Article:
Obama leads Romney in 4 key states
WASHINGTON — New polls in four battleground states show President Barack Obama holding a lead of 5 to 7 points over Republican nominee Mitt Romney, reinforcing the national surveys that indicate that the incumbent gained ground with his convention last week.
Of the four, Obama’s largest lead comes in the critical state of Ohio, where he leads Romney 50 percent to 43 percent among likely voters, according to the latest NBC/Wall St. Journal/Marist University poll.
The survey also polled likely voters in Florida, where Obama led 49 percent to 43 percent, and Virginia, where he led 49 percent to 44 percent.
In a separate survey by New Hampshire’s WMUR-TV, Obama led Romney 45 percent to 40 percent in that state.
The polls in all four states were taken in the days immediately following the Democratic nominating convention, so they may have caught Obama at a high point. Often, though not always, candidates gain ground after their conventions, then see their support erode in subsequent weeks.
Still, the results highlight the challenge that Romney faces. To gain the 270 electoral votes he needs for election, he would need to win most of the states that the two campaigns consider battlegrounds.
Currently, Obama appears to have at least a small lead in all those states except North Carolina, where recent polls have shown the two even.
The new swing-state polls show two reasons why Obama has maintained that lead: Voters continue to view him more favorably than Romney, and Romney has been unable to persuade swing-state voters that he would be better able to handle the economy.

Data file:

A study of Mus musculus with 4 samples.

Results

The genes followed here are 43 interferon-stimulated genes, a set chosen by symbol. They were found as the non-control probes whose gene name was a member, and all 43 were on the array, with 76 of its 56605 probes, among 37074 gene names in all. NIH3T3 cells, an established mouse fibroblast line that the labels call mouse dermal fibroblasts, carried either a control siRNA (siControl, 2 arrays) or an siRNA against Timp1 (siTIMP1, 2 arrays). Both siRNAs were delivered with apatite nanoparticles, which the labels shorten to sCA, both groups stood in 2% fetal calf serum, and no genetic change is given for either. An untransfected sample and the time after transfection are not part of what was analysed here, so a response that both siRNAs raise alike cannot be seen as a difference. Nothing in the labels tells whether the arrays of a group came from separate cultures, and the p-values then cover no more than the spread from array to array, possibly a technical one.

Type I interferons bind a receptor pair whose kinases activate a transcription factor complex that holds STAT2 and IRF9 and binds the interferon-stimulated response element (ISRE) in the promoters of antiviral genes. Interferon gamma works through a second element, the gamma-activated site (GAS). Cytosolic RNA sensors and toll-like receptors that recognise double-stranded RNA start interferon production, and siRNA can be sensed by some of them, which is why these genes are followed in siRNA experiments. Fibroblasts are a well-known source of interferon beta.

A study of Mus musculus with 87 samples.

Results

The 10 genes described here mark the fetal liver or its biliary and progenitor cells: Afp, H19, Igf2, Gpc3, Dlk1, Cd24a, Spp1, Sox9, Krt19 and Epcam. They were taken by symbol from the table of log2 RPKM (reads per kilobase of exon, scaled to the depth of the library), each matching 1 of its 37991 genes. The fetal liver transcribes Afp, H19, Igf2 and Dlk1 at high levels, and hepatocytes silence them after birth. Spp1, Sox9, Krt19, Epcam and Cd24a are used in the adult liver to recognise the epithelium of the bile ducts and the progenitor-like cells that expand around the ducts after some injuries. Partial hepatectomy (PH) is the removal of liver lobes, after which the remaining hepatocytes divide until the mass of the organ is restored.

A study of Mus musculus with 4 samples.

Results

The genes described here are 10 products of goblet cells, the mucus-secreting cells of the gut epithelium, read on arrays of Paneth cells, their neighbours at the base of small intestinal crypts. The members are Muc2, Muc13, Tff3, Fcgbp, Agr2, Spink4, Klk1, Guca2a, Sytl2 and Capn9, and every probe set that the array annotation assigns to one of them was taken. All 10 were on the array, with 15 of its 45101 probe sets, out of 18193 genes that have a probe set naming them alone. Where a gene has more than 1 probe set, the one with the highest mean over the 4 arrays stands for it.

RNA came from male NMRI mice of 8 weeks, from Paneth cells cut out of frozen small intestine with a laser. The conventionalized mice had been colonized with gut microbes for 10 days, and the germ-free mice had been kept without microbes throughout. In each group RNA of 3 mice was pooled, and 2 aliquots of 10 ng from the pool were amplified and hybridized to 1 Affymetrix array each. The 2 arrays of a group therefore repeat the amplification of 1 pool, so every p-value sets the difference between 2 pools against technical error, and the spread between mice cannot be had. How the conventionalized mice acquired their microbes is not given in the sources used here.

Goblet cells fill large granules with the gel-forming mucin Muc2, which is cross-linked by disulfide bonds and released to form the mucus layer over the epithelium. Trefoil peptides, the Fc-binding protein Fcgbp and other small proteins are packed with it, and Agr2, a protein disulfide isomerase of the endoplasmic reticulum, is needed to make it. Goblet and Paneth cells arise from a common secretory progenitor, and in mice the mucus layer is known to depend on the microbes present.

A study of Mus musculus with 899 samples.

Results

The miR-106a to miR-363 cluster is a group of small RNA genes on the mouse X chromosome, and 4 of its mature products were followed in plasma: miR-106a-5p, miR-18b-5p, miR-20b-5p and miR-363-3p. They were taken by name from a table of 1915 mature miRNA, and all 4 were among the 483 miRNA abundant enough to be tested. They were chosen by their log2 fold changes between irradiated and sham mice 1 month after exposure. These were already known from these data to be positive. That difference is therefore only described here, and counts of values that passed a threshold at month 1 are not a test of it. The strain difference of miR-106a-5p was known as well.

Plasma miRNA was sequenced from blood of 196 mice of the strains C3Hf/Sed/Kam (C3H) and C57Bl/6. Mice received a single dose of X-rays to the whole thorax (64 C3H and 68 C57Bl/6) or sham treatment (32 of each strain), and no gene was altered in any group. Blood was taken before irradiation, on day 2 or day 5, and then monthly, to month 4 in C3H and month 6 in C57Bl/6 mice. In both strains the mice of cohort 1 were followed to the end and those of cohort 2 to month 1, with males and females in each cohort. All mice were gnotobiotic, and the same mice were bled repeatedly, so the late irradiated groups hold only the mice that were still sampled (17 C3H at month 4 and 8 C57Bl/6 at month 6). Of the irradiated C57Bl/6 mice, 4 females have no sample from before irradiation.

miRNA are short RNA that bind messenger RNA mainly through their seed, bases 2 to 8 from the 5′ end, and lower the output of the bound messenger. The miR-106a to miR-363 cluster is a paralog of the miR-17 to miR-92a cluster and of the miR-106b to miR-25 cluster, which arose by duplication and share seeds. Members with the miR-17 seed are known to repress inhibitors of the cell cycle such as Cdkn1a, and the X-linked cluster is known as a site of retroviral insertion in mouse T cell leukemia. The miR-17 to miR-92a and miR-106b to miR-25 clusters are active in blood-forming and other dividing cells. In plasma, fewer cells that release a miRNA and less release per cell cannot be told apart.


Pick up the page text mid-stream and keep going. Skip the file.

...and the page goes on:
The gap in favorability is particularly large in Ohio, where 51 percent of likely voters have a favorable impression of Obama while only 40 percent feel that way about Romney.
In other states, Romney comes closer to parity with Obama.
Asked which candidate could best handle the economy, Ohio voters again have the most negative view of Romney. In that state, likely voters favor Obama on the economy by 48 percent to 44 percent for Romney.
The Obama campaign has spent the summer bombarding Ohio voters with advertisements criticizing Romney’s business and economic record. In particular, it has emphasized the president’s decision to bail out the U.S. automobile industry, which Romney opposed.
The state has a large number of jobs tied to the car and truck business.
In national surveys, Romney used to enjoy majority support on the question of who could better handle the economy, but he has lost that margin since the Democratic convention. Support on that question is key for his campaign, since Obama gets much higher marks on other issues, including who could best handle foreign policy.